The Wichita school district saw improvement in this year's list of schools that met Adequate Yearly Progress (AYP) in reading and math on the 2007 state assessments.
The Kansas State Department of Education released its list of schools today. Of that list, 47 Wichita schools achieved AYP, an increase of three more schools than in 2006, despite schools leaders saying the targets increasing significantly.
Statewide, 89% of public schools made AYP, even though the targets for mathematics and reading have been steadily increasing since 2002. This compares with 84% of public schools making AYP last year.
There are 33 districts and 154 schools on the list for the 2006 – 2007 testing cycle. This compares to 31 districts and 187 schools on last year’s list.
To see the list of schools that didn't make the list, click the document file at the top of the story.. To see the Fact Sheet for AYP, click here
“The good news is that more Kansas schools are achieving their goals in reading and math. This is true even though these same goals increased substantially over last year. By a persistent focus on academic success, Kansas educators are clearly meeting the challenge of educating all students to a high standard,” according to the Kansas Commissioner of Education, Dr. Alexa Posny.
47 Wichita schools achieved AYP, an increase of three more schools than in 2006. Also this year, the district has 15 schools that achieved AYP that did not in 2006. Of those 15, thirteen were elementary schools and two were middle schools.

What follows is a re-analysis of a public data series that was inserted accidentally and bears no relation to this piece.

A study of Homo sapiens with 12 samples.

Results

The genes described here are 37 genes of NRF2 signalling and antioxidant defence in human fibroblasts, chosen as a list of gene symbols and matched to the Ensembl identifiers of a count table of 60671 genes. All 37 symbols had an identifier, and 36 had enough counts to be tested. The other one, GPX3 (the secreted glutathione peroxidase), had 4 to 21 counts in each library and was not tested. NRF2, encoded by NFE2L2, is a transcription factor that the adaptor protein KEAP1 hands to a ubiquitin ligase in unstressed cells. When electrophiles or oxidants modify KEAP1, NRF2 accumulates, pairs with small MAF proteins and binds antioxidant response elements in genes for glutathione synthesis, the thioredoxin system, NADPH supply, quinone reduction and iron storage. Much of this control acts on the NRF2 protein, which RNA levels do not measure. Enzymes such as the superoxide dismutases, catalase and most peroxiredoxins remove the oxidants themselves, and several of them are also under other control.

“What our teachers and students are doing is remarkable,” said Superintendent Winston Brooks. “I don’t think you can find many urban districts across the country that are making the kind of gains that we are achieving.”
Of the 37 schools that missed AYP, nine of the schools missed by one subgroup and three schools missed their targets by two subgroups. The majority of the schools that did not achieve AYP missed the target in reading. A new reading curriculum was implemented in the 2006-2007 school year to strengthen reading instruction and proficiency.
“We saw a bit of a dip, but that is to be expected when you implement new curriculum,” Superintendent Brooks said. “We expect to see the same kind of reading growth in the future that we are now seeing with our results in math. The district implemented a new math curriculum a few years ago, and on the 2007 assessments every district sub-group increased in proficiency.”
Schools and districts are required to meet AYP as part of the No Child Left Behind law.